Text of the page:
Traumatic Brain Injury and PTSD in Veterans

Physical injuries are easy to see and, therefore, simpler to treat. However, not all wounds are physical; some are internal or emotional, making them harder to diagnose. Such is the case with traumatic brain injuries (TBI) suffered by combat veterans. Research suggests that there is a link between TBI’s and other mental health-related disorders.

In 2015, National Geographic posted an article titled The Invisible War on the Brain. The report stated that the U.S. Department of Defense had identified 230,000 veterans with a traumatic brain injury (TBI) between 2001 and 2014. The symptoms associated with the injury also mirrored post-traumatic stress disorder (PTSD). The article brought to light an old debunked theory that suggested a link between exposure to blast events as the cause of the TBI and increased susceptibility to psychological disorders. When soldiers returned from Afghanistan and Iraq, experts identified the blast force as the primary cause of injury, which further validated the theory.

Furthermore, in 2018, the U.S. Department of Veterans Affairs suggested on their website that many of the symptoms associated with a TBI also overlap with common reactions after experiencing trauma. Also, the VA’s website states that many people who get a TBI also develop PTSD. Mental health professionals concur as TBI’s are a result of exposure to trauma. While TBI manifests differently among individuals, they commonly have a physical, cognitive, and emotional component.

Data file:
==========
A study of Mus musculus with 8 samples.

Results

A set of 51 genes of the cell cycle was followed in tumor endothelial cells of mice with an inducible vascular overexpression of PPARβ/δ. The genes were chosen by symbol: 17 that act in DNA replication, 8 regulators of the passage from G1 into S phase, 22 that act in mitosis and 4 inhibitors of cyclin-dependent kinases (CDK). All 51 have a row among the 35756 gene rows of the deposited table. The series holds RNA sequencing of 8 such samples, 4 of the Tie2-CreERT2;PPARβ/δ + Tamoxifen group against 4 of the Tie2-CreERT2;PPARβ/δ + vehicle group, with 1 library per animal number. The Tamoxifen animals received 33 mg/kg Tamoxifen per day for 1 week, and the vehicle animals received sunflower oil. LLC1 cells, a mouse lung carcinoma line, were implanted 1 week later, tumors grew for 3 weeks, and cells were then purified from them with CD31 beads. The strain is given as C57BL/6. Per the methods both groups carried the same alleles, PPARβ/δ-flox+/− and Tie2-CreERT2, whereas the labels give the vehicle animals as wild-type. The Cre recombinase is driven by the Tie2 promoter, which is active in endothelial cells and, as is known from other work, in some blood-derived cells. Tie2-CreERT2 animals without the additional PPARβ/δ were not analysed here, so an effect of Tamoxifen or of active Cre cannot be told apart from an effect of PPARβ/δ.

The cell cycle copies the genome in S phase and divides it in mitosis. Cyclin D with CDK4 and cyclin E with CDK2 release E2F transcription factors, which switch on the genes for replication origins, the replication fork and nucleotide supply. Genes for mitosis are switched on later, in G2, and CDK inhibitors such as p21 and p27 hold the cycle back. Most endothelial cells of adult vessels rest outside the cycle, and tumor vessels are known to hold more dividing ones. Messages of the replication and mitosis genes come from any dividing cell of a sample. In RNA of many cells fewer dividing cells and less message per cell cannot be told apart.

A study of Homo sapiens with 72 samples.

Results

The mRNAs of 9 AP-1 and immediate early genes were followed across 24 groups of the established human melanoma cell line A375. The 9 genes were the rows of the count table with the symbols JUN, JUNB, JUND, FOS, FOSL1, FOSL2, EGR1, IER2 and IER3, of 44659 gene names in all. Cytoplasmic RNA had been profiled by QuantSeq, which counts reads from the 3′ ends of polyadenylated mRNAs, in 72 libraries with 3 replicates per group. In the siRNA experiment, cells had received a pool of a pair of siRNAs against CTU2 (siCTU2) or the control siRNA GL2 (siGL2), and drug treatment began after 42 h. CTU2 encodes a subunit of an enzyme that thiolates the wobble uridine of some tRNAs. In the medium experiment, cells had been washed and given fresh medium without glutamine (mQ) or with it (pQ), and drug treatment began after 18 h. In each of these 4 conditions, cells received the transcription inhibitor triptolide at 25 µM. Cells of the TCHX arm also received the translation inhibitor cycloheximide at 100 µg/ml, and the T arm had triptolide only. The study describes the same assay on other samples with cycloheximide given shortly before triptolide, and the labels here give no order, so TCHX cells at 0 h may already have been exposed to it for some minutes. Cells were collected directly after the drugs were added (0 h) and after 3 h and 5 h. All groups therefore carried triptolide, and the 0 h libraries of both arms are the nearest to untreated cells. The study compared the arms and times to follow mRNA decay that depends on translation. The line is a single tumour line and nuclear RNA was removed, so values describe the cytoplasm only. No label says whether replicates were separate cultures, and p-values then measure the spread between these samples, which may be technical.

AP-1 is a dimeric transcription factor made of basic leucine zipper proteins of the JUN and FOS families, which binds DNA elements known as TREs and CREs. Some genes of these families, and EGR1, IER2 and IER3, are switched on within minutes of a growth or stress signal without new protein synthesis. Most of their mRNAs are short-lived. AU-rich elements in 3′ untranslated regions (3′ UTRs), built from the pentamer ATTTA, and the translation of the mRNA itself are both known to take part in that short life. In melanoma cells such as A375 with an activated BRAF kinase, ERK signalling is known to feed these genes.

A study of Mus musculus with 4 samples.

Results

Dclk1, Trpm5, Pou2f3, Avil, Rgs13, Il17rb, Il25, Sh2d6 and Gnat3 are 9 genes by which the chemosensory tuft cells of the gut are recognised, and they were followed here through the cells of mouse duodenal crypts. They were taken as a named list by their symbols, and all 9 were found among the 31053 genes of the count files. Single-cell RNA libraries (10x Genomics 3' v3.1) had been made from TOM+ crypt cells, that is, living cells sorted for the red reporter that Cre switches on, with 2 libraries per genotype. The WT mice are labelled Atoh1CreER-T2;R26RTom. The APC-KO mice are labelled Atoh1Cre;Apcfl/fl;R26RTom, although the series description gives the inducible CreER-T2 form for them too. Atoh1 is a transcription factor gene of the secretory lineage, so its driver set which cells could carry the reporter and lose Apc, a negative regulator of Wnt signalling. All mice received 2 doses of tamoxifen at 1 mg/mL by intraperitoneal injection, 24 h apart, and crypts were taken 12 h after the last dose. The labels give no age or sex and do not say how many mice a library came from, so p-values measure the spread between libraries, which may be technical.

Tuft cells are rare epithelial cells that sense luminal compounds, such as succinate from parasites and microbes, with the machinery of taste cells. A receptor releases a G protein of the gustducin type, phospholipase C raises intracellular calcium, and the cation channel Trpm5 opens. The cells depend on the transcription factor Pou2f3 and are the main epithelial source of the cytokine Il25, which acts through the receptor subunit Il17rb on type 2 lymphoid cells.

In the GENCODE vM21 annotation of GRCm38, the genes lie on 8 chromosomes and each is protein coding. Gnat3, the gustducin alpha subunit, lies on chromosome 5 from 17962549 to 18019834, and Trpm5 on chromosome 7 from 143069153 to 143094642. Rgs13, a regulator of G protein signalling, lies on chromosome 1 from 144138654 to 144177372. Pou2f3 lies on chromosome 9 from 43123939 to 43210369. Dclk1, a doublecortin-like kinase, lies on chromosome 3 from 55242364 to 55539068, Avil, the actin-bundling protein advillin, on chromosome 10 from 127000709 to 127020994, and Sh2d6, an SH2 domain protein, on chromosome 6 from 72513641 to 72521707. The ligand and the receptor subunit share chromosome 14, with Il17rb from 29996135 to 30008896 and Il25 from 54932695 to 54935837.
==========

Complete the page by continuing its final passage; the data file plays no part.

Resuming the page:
• Physical aspects can include but are not limited to headaches, dizziness, feeling tired, difficulty sleeping, sensitivity to noise and light, and difficulty with vision.

  • Cognitive symptoms may involve trouble staying focused, acting without thinking, struggling with putting thoughts into words, and memory complications.

  •  Emotional changes can unfold in anger outbursts, anxiety, and depression.

Research on TBI is ongoing, and the general public does not widely understand it. For this reason, family and friends may get frustrated or not be supportive or empathetic. A comprehensive understanding of TBI’s is part of the recovery process. The VA uses a TBI screening tool that can serve as an initial assessment tool in determining whether or not you or a loved one is suffering from a TBI. A positive result is an indicator of needing further testing. Upon diagnosis, it is recommended that you get plenty of rest, resume responsibilities at your own pace, and avoid drinking alcohol. All of these recommendations are considered beneficial in helping the brain heal.

If you experienced a TBI or other traumatic experience as a military member, I would encourage you to seek out counseling from a licensed mental health professional. The majority of our clinicians at the Dallas Counseling and Treatment Center accept Tricare and specialize in PTSD. We thank you for your service and want to assist you in any way that we can. To learn more information about TBI and PTSD for veterans and access some of their resources, you can visit their website.